This post represents the latest link in an unbroken chain of more than five years of the weekly summaries of the best of the pro-nuclear blogs.
With the recent updated assessment by the IPCC of the outlook for climate change, the leveraging the nuclear energy to mitigate future growth of CO2 emissions comes even more prominently into the public eye.
Want to know what’s going on? Read all about it here. Previous editions of the Carnival have been posted at the blogs cited below and elsewhere.
See the “Blogs We Read” sidebar at the ANS Nuclear Café for a complete list. It is published by the American Nuclear Society. A great site for the industry perspective is the blog and the dynamic blog roll at NEI Nuclear Notes. It cites new blog posts from around the nation as they are published.
For day-to-day breaking news and updates, check out the entries on Twitter list posted on this blog which contains more than 80 pro-nuclear sources. This is a Twitter list you can follow.
About these bloggers
The bloggers who write the posts cited here do so because they have come to see, based on experience, that nuclear energy is a cost-effective, carbon emission free, source of electrical power which can raise the standard of living for any population which benefits from access to it. Your kind attention to these blog posts is appreciated.
Les Corrice – Hiroshima Syndrome
NOVA’s documentary seems to be little more than a determined attempt to vindicate Naoto Kan’s paranoiac, antinuclear Fukushima nightmare. The documentary’s “Tokyo-at-risk” scenario is based on vacuous premises; Tokyo was never in danger of a toxic radioactive cloud, and SFP fires are nothing more than a false, antiquated assumption.
Nuke Power Talk – Gail Marcus
At Nuke Power Talk, Gail Marcus reports on the OECD Nuclear Energy Agency’s recent announcement that they have created a new division to focus on human factors in nuclear power, including training, safety culture and public communications. She recounts her own involvement with knowledge management and safety culture, and discusses the importance and value of tackling some of these issues internationally.
Jim Conca – Forbes
On the 70th anniversary of the first atomic bomb used against humans at Hiroshima, named Little Boy, we are faced with another decision involving the future of another bomb, similar to Little Boy. After 20 months of intense diplomatic negotiations, the landmark deal that could rein in Iran’s nuclear weapons program is now in the hands of the United States Congress. If the deal fails, many think it could mean the third time such a weapon would be used against humans – this time against Israel.
Northwest Clean Energy
Seven months ago, Vermont Yankee went off-line forever. This post looks at the consequences of the closure for the grid, for pollution, and for the people in the area. Vermont utilities plans to purchase power from nearby Seabrook nuclear plant, a large (900 MW) carbon-dioxide-generating natural gas plant is being built posthaste, and the local area has been plunged into a depression, due to extensive job losses. Sadly, all these negative effects were completely predictable. The post by Meredith Angwin includes extensive references.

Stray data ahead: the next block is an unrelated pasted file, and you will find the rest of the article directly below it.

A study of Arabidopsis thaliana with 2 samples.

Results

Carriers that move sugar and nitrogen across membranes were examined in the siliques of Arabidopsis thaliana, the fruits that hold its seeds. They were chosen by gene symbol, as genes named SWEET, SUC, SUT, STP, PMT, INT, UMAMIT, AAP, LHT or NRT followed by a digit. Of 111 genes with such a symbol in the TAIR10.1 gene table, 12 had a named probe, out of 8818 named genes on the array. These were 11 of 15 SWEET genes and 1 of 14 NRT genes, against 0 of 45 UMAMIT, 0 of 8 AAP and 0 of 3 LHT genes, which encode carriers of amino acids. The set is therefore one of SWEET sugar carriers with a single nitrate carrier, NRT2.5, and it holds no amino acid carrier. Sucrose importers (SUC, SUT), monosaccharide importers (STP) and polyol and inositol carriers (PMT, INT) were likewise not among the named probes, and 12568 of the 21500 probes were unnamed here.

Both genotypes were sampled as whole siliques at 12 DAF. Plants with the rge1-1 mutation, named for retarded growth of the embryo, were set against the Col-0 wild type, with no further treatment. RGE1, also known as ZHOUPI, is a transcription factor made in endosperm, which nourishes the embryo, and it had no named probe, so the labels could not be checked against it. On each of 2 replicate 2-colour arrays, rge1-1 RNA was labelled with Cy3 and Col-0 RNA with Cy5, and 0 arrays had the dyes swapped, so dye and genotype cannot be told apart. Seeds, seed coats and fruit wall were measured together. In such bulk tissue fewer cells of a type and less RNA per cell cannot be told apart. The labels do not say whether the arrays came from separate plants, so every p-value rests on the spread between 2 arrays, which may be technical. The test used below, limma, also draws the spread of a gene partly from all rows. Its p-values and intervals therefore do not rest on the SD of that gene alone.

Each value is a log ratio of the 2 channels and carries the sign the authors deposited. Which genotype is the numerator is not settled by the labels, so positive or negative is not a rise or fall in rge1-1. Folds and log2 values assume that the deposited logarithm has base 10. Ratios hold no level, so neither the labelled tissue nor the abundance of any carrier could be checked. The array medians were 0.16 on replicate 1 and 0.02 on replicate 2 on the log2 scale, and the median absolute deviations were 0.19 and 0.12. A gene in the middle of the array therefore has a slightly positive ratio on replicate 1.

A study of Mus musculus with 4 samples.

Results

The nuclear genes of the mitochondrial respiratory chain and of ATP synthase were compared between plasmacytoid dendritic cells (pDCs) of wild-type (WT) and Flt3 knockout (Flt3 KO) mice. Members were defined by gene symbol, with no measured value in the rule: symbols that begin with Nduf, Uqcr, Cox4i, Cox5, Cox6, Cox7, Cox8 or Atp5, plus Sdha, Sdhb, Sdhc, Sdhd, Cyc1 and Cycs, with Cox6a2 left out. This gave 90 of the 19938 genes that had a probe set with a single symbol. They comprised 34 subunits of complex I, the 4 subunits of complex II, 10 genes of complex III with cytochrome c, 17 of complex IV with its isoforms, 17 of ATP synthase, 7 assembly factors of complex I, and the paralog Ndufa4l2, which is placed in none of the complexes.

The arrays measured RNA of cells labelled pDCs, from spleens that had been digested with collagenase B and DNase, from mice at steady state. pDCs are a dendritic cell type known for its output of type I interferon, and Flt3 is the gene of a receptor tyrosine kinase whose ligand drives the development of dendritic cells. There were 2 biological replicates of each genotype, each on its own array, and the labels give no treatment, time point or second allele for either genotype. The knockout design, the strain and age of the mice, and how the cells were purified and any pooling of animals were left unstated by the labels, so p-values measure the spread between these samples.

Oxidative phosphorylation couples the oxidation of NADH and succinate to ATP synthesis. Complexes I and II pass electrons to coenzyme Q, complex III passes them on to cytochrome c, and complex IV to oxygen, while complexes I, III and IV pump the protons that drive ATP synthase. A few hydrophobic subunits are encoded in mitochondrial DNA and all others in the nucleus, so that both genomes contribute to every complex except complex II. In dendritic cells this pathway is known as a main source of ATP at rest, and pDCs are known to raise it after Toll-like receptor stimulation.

Rod Adams – Atomic Insights
The Left Needs to Reconsider its Automatic Position Against Nuclear Energy
It’s time for much of the left to reconsider a long-standing opposition to nuclear energy that often refuses to consider arguments on the other side – arguments that are rational, science-based, and deeply concerned about the environment and human health.On the question of nuclear energy and other issues, all too often the left takes its position on the basis of who advocates or opposes it.
If the state is for it, we feel we have to be against it – automatically and without having to do much homework.
If the rightwing is against it, we feel we have to be for it. If Helen Caldicott or Arnie Gundersen (both quoted by Hunziker) is against it, we feel we also have to be against it.
Will Davis – ANS Nuclear Cafe
While some people are ripping their hair out over the drought and shortage of water in California, others are ripping out their lawns—and are getting paid to do it. Of course, had the U.S. Atomic Energy Commission’s (AEC) plans for California in the mid-1960s been carried out, there would likely have been plenty of water, even today, and we wouldn’t be in this mess.
Dan Yurman – Nuetron Bytes
A mysterious investor from Croatia will not be an equity partner. According to English language news media reports from Helsinki, Finnish Prime Minister Sipilä confirms that the Fennovoima nuclear plant will be built in Pyhäjoki. Economic Affairs Minister Rehn said that issues regarding domestic ownership criteria have been cleared up. A mysterious investor from Croatia will not be an equity partner on the project.